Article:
Make Way for Change

Responding to trends in senior living, Altenheim officials plan to raze the organization’s resource center building and construct additional residential cottages along National Road.

George A. Dakovic, executive director of Altenheim Retirement Home, said the rental residences will be adjacent to Altenheim’s main building, a century-old mansion at 1387 National Road, and to six existing cottages. The cleared site will accommodate two cottages, he said.

As a result of the changes, Altenheim Resource and Referral Services will move into Altenheim’s main building, which houses the agency’s offices and serves as a residence for older women.

The closing of the 18-year-old building at 1359 National Road will displace Faith in Action Caregivers Inc., which has rented office space since the center’s opening in 1995, and a newer tenant, Catchpoint Creative. The tenants have been given six months to move.

After the center is vacated, a demolition company will salvage wooden beams, doors and the metal roof before razing the structure, Dakovic said.

The new residential cottages, to be set back from National Road, each will have 1,350 to 1,400 square feet of living space and two-car garages, Dakovic said. The floor plan will be similar to the existing cottages. The three original, contemporary cottages built in 2008 have 1,200 to 1,300 square feet of living space; three traditional-style cottages built in 2012 have 1,600 square feet of living space. The additional houses probably will be built in the more traditional design, he said.

The cottage concept is in demand with the area’s older population. Pointing to the cottages that opened last fall, he said, the cottages “were built with the people waiting to get in … There is a waiting list for the next two or three. They are extremely popular.”

While housing options have expanded since Altenheim Retirement Home’s inception in 1891, the organization’s mission to provide independent living for seniors remains unchanged. “We’ve always been about housing,” Dakovic said.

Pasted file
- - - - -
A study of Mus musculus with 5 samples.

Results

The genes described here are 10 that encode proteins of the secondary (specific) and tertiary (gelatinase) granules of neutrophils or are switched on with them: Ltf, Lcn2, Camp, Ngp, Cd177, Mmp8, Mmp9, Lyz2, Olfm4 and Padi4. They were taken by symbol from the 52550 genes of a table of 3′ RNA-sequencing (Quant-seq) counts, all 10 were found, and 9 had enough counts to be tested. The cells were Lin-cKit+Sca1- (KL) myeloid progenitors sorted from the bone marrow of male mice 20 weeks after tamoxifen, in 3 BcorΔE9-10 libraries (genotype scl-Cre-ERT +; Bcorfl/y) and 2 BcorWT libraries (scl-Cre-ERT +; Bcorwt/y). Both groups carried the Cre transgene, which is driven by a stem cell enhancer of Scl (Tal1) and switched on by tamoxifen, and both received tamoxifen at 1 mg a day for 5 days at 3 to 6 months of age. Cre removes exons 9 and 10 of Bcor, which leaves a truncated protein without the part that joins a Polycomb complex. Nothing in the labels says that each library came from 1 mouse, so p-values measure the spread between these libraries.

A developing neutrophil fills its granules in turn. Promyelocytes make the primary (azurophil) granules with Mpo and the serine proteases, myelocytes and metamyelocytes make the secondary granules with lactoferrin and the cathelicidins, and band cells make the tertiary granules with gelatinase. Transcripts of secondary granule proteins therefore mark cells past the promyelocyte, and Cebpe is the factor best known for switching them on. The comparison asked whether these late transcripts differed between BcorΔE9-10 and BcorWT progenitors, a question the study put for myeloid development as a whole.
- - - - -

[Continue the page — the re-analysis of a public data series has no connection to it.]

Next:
Currently, there are six residents in Altenheim’s main house. The building’s second floor contains 15 single rooms with private baths.

“There’s still a small market for that, but you can’t make a living on that,” the director said.

Altenheim moved into the former John Schenk mansion in 1950. The house, finished in 1922, is so well-built that “it would be very expensive” to try to convert single rooms into suites.

“The cost would outweigh the benefits,” Dakovic said. “It’s a solid building. It will always be here.”

Ann Koegler, coordinator of Altenheim Resource and Referral Services, said the program’s office and library of reference books and DVDs will be moved to the main building. She is optimistic that some of the current programs can be offered there, while bigger programs may have to be conducted off site.

Koegler said, “I think we will be able to continue (services) with minimal disruption.”

Jeanette L. Wojcik, executive director of Faith in Action Caregivers, said, “For 18 years, the Altenheim Retirement Community has supported the mission of Faith in Action Caregivers by housing the program in the resource and referral center. Their mission to provide resources to the elderly and their caregivers has blended so well with Faith in Action’s mission … We have found a supportive and collaborative partner in caring for our elderly neighbors. We have been blessed to be located at the resource center.”

Faith in Action officials are exploring options for office space in the community and are interested in talking with congregations or others who have space available. For specific details about the needs of the organization, email Wojcik at or call 304-243-5420.